It might be cold outside, but on the wintry slopes you are at a higher risk from harmful UV rays than on your summer holidays! In this guide we will highlight the dangers of sun exposure on the slopes and provide some useful advice on how to stay safe this ski season.
At higher altitudes, i.e at the top of a Mountain, the air is thinner and cleaner so it less able to filter the harmful UV rays which cause sunburn.
The higher you get, the stronger the UV rays. For every 1,000ft above sea level the intensity of exposure increases by 5%. Multiply that by the altitude of your chosen ski resort and you could easily find yourself being exposed to 40%+ more intense UV radiation.
Snow is also highly reflective and on a bright, clear day can reflect as much as 85% of the UV radiation back towards you. In other words you are not only hit by UV rays from above but from below too!
UV radiation cannot be seen or felt but is very damaging to your skin. With this in mind, it is very important to make sure that you take the adequate precautions to limit damage from UV rays.
The sun is at its strongest at midday; skiing in the morning or late afternoon means you will avoid the sun when it is at its most harmful. Don’t let a cloudy day fool you into a false sense of security either, as the suns UV rays can still penetrate through the cloud.
Make sure you cover up any exposed skin where possible. Wearing a ski helmet, aside from the obvious protection from falls, can cover any exposed areas of scalp. Goggles or sunglasses will not only protect your eyes from sun glare but also protect the area around them. Remember that even when you’re not skiing, if you are outside you are still at risk so keep yourself covered as much as possible.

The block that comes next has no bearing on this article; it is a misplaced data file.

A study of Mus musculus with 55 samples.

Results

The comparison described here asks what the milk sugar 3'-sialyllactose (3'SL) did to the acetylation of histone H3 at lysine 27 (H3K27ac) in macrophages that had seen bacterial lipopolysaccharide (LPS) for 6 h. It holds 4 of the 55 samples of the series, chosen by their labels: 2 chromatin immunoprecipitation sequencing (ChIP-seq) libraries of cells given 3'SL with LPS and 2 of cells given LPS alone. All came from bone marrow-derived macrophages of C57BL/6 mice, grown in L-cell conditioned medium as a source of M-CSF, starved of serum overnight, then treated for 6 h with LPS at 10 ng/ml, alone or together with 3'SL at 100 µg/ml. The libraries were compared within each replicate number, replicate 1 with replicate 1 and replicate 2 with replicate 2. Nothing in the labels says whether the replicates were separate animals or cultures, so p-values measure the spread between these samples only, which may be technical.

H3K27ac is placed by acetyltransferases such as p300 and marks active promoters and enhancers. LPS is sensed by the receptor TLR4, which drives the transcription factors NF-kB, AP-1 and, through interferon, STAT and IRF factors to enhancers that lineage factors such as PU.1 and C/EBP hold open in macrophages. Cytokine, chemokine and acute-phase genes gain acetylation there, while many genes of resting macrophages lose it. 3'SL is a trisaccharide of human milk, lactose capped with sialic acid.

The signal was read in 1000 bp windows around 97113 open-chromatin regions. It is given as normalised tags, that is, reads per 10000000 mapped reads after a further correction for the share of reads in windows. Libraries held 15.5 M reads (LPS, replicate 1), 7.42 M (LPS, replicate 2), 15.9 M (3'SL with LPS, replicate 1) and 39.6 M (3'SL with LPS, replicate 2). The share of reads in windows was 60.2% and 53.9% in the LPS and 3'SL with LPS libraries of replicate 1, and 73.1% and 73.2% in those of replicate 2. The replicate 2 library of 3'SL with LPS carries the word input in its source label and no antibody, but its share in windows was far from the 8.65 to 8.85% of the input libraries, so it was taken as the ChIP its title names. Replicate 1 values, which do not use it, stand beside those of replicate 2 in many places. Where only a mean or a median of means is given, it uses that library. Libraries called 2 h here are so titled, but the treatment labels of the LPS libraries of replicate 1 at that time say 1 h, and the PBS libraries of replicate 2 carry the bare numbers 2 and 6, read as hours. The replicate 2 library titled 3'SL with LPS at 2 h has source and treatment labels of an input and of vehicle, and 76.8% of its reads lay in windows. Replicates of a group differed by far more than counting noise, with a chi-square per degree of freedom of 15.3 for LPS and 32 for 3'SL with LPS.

Apply sunscreen liberally to any exposed skin at least 30 minutes before heading onto the slopes. A minimum of SPF factor 20 is recommended but the higher the SPF the better. Make sure you get good coverage on your face, neck and ears. As the UV rays are reflected off the snow you can get burnt in unusual places, including under your chin and nose, so be thorough with your application. If you’re skiing without a helmet then apply to your parting and don’t forget your hands for when you remove your gloves.
Sun cream specifically for skiing will be extra moisturising to protect your skin against wind burn and the cold. If you can’t find ski sun cream, look for a sun cream that contains moisturising ingredients such as aloe vera.
Don’t just apply sun cream in the morning and forget about it. Falling snow (or falling in snow!) as well as sweat can wash off the sun cream. Take a small travel sized sun cream with you and apply when you can.
The skin on your lips is some of the most delicate on your body. It is much thinner than the rest of your skin and contains very little melanin, a natural pigment that helps protect against sun damage. When on the slopes it’s important to use a lip balm with SPF 15+ protection to protect your lips from harmful UV rays and stop them from getting dry and cracking.